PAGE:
If starting work is hard, why not start less? That’s the advice Nasir Kharma, a grad student in London, offers: He studies in four-hour blocks without a break.
I’m not sure what to think. Don’t we need frequent breaks to maintain optimal focus? Aren’t we more likely to procrastinate before chaining ourselves to a desk for a long stretch? In light of the video, however, I’m no longer so certain about these accepted productivity truths. That, by itself, is pretty cool—it’s rare to encounter a persuasive argument that even threatens to change my approach. Kharma’s tip runs contrary to the conventional wisdom in both productivity (25-minute Pomodoros) and health (sitting is the new smoking). I’m clutching my pearls here.
As controversial as it may seem (to people who read too many books on productivity), Kharma is advocating for doing what pretty much every successful and/or famous creator has always done. In fact, if you’re going by anecdotal evidence alone, there’s no arguing for any other way. Great writers, painters, musicians, and inventors sit (or stand, or lie down) in one place without interruption for vast stretches of time. Period. The latest addition to my “working methods” library, Joe Fig’s excellent Inside the Painter’s Studio, only confirms this impression.
Starting has always been the weakest link in my chain. Once I’m underway with a piece of writing, I can stay with it for a decent stretch. Getting going, however, is always tough. If anything, starting has only gotten trickier over the years as my life has gotten bigger and more complicated. Without a doubt, the starts are where my work runs off the rails. It’s my kryptonite.
If this is the case, why wouldn’t I keep the number of starts to an absolute minimum? Install a coffee maker in my office and just hunker down? From this perspective, the Pomodoro Technique is lunacy. If starting is the hard part, why inject eight or more starts into each day? Every time I step away from the page, there’s a good chance I won’t find my way back to it again. The actual reasons I end up working on something else are myriad, but they amount to the same thing: a blank page. Editing, correspondence, and admin are important, but new words come first. Each interruption slashes the odds of hitting my mark. It strikes me that all the advice about sensible breaks and reasonable intervals is flat-out wrong. What do you do when the “right” advice doesn’t work?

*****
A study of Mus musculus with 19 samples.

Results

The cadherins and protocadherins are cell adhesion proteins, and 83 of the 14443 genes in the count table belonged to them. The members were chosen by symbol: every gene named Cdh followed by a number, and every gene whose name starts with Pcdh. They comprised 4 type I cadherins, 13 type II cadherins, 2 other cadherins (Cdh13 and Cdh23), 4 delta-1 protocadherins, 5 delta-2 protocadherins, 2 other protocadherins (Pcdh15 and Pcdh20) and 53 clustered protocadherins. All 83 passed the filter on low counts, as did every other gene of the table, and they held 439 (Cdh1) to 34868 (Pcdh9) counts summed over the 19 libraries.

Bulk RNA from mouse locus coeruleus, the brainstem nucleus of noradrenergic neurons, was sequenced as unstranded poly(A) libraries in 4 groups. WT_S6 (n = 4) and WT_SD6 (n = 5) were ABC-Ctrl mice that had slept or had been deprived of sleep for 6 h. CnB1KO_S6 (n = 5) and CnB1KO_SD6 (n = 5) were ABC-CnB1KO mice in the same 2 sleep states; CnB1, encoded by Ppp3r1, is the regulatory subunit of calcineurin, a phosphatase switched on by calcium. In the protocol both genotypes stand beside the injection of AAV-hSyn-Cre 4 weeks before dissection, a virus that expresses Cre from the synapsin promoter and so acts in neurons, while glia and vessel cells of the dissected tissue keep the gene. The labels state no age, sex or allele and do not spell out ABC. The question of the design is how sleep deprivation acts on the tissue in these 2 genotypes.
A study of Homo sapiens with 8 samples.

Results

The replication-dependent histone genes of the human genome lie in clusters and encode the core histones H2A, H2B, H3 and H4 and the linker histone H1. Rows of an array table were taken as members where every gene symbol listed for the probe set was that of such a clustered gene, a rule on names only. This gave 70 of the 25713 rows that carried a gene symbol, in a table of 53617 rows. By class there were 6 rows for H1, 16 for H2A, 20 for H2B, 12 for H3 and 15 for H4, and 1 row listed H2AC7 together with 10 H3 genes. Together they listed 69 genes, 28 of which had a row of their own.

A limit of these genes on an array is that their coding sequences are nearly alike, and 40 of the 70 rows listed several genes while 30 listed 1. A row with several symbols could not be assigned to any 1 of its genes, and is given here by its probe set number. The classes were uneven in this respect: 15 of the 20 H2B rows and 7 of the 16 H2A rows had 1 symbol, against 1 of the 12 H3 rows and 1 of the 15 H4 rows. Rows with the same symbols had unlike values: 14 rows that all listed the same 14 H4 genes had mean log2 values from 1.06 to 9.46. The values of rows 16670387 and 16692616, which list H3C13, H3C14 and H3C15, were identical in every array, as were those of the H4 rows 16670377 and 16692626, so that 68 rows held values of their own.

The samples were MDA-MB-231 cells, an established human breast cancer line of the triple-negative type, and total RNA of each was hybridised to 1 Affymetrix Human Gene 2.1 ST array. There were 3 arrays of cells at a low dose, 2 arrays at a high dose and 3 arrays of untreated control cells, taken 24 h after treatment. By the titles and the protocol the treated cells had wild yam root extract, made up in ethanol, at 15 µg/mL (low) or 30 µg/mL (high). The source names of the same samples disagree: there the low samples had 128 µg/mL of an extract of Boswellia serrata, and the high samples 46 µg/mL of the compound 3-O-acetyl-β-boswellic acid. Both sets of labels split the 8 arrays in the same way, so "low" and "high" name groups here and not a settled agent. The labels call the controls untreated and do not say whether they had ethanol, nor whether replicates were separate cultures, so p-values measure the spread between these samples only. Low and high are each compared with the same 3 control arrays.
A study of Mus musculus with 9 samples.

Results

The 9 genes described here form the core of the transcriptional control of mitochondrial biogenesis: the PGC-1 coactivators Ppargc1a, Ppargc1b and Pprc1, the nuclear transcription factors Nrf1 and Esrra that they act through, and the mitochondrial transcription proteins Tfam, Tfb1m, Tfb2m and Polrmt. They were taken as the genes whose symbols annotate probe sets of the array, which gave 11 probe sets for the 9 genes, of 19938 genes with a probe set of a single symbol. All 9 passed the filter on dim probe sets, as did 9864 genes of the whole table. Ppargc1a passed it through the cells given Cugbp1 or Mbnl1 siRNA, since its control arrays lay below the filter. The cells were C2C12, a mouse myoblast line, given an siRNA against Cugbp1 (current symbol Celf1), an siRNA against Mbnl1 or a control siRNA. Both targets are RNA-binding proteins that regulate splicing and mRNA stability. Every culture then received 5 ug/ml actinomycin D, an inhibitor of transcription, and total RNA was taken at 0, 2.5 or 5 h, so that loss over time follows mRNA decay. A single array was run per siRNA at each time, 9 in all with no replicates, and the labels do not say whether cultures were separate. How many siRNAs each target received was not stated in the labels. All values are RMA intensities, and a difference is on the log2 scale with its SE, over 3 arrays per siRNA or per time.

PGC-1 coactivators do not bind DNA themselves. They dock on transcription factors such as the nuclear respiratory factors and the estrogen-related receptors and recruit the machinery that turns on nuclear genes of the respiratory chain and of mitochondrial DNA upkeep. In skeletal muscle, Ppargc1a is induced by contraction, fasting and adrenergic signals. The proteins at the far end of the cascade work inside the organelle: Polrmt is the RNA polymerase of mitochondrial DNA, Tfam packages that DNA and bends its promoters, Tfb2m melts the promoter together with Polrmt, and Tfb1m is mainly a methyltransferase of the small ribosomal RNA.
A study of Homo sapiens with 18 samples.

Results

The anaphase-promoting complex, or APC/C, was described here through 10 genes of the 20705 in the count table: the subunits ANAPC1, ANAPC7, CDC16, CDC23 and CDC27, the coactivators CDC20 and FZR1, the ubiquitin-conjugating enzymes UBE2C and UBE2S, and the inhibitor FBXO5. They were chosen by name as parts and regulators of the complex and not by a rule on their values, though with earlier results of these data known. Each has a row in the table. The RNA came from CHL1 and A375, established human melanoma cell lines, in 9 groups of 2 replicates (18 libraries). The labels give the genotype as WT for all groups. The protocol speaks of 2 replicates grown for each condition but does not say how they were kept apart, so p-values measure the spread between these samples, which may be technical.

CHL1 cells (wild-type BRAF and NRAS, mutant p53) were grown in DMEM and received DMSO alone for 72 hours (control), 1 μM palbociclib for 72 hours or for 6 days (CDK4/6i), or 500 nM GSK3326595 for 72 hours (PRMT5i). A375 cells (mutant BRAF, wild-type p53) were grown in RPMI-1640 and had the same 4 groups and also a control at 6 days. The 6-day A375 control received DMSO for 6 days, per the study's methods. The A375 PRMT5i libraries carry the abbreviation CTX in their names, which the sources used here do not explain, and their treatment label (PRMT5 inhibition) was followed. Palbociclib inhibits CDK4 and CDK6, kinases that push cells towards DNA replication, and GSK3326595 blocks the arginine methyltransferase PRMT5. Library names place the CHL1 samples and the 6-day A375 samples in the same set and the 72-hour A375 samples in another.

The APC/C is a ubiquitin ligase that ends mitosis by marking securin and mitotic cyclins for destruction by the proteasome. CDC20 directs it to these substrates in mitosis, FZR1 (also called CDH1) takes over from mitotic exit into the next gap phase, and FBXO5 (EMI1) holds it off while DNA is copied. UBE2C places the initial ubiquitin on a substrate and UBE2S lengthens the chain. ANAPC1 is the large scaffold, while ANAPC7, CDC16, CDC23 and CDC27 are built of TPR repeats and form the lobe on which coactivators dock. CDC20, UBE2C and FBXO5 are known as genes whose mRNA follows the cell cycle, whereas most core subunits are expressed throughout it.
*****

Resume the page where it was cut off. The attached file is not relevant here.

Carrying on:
The main problem is I’m slightly compulsive. In a 2014 blog post at Slate Star Codex, Scott Alexander, a Bay Area psychiatrist, wrote about an incident that resonated with me:
This one obsessive compulsive woman would drive to work every morning and worry she had left the hairdryer on and it was going to burn down her house. So she’d drive back home to check that the hair dryer was off, then drive back to work, then worry that maybe she hadn’t really checked well enough, then drive back, and so on ten or twenty times a day.
This compulsion interfered with the patient’s life to the point that she considered quitting her job and going on disability. Psychiatrists and psychologists alike had tried and failed to help her. Then, one of Alexander’s colleagues made a seemingly innocent suggestion: bring the hairdryer to work. Every time she started worrying she’d left the hairdryer on, she’d look at the passenger seat and see it resting there. It worked. At that point, all hell broke loose among the other psychiatrists at the hospital. Apparently, this is just not how one deals with OCD. What do you do when the “wrong” advice works?
I don’t have full-blown OCD, but every time I sit down to write, I experience the overwhelming sense that I’ve forgotten something important. So I get stuck, staring into space, racking my brain. Eventually, I’ll wander around the apartment hoping something sparks my memory. I’m like Neville Longbottom and his Remembrall: “I can’t remember what I’ve forgotten.” (A magical device that says you’ve forgotten something—but won’t say what—feels like an inside joke for writers.)
To cope with my compulsion, I created a “preflight checklist“ for the start of every writing session. It begins “Have I left anything on the stove?” and runs all the way through “Start music.” Like the hairdryer, it works for my brain. Once I’ve run through my checklist, that nagging feeling lifts. I’m better able to start.
It sounds like heresy, but maybe I should get worse at stopping next.